Former F1 boss Bernie Ecclestone has defended Vladimir Putin’s war in Ukraine, insisting he would “take a bullet” for the Russian leader.
Speaking to ITV’s Good Morning Britain on Thursday morning, Mr Ecclestone described Mr Putin as “sensible” and “a first class person” who “believed he was doing the right thing for Russia”.
“Unfortunately he’s like a lot of business people, certainly like me, that we make mistakes from time to time and when you make the mistake, you have to do the best you can to get out of it,” the 91-year-old said.
And the billionaire businessman criticised Ukrainian leader Volodymyr Zelenskyy for not making enough effort to reach out to his Russian rival.
Ecclestone said: “The other person in Ukraine, his profession I understand, used to be a comedian – and I think it seems that he wants to continue that profession.
“I think if he’d thought about things, he would definitely have made a big enough effort to speak to Putin, who is a sensible person, and would have listened to him and could have probably done something about it.”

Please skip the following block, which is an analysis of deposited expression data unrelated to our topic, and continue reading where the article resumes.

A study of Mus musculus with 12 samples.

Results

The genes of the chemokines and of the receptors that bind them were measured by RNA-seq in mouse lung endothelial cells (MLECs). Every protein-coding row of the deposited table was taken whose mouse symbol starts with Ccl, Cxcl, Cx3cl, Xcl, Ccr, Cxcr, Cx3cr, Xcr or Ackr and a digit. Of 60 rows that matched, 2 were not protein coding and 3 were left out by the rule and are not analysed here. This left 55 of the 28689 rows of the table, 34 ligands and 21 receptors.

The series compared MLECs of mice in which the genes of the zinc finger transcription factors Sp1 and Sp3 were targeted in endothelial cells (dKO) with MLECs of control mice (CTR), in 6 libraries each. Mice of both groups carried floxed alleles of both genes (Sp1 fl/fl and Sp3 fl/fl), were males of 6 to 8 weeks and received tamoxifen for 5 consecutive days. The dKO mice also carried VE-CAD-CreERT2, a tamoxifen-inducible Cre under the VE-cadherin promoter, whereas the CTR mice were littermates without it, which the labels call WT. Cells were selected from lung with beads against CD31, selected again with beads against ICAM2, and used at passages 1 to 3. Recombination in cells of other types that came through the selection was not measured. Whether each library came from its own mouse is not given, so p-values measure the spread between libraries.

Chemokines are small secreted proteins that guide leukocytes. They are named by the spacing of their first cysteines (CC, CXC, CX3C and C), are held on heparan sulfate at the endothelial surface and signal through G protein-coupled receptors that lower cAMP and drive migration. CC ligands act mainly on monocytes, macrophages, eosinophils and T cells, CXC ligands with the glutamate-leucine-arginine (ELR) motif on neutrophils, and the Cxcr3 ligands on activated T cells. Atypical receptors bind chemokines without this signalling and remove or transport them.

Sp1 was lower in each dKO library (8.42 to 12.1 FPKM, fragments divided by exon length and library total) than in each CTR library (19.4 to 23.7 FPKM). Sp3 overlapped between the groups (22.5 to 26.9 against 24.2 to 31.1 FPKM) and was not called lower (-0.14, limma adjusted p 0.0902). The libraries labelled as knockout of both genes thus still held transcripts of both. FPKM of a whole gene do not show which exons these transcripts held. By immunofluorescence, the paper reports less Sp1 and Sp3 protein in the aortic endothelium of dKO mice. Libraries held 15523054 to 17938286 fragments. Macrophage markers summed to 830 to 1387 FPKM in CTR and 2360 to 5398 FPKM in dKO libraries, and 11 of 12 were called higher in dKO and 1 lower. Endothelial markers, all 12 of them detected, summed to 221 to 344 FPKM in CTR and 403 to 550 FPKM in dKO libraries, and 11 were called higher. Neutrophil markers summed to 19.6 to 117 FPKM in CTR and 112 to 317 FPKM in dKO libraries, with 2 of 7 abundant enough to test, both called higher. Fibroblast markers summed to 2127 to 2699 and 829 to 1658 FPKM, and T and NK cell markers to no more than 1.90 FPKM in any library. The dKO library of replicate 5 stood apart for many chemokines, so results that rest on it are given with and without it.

When it was pointed out that Russia’s invasion of Ukraine had claimed the lives of thousands of innocent people, Mr Ecclestone simply replied: “It wasn’t intentional”.
And when asked if he was suggesting Mr Zelenskyy should “have done more to avert the war – and that it could have been avoided by Zelenskyy’s actions, not by a change in Putin’s actions”, the motoring magnate said: “Absolutely.”
“I’m quite sure Ukraine, if they’d wanted to get out of it properly, could have done,” he added.
Mr Ecclestone said he had not spoken to his “friend” since Russia invaded Ukraine in February.
But he said: “I’m absolutely sure he now wishes he hadn’t started this whole business – but it didn’t start as a war.”
He also criticised the ban on Russian athletes in response to Moscow’s military intervention.
Quizzed about whether the Russian Grand Prix should be removed from the F1 calendar and the ban on Russian drivers, Mr Ecclestone said: “I’m not in the position now to have done anything about that.
“I’m not sure I would have stopped that, and I certainly now wouldn’t, and I think it’s wrong, to stop Russian athletes, including obviously drivers, in taking part in their sport.
“They didn’t get involved in this in the first place. They shouldn’t be punished.”
Mr Ecclestone’s long-running control of Formula One ended in 2017, when he stepped down as chief executive.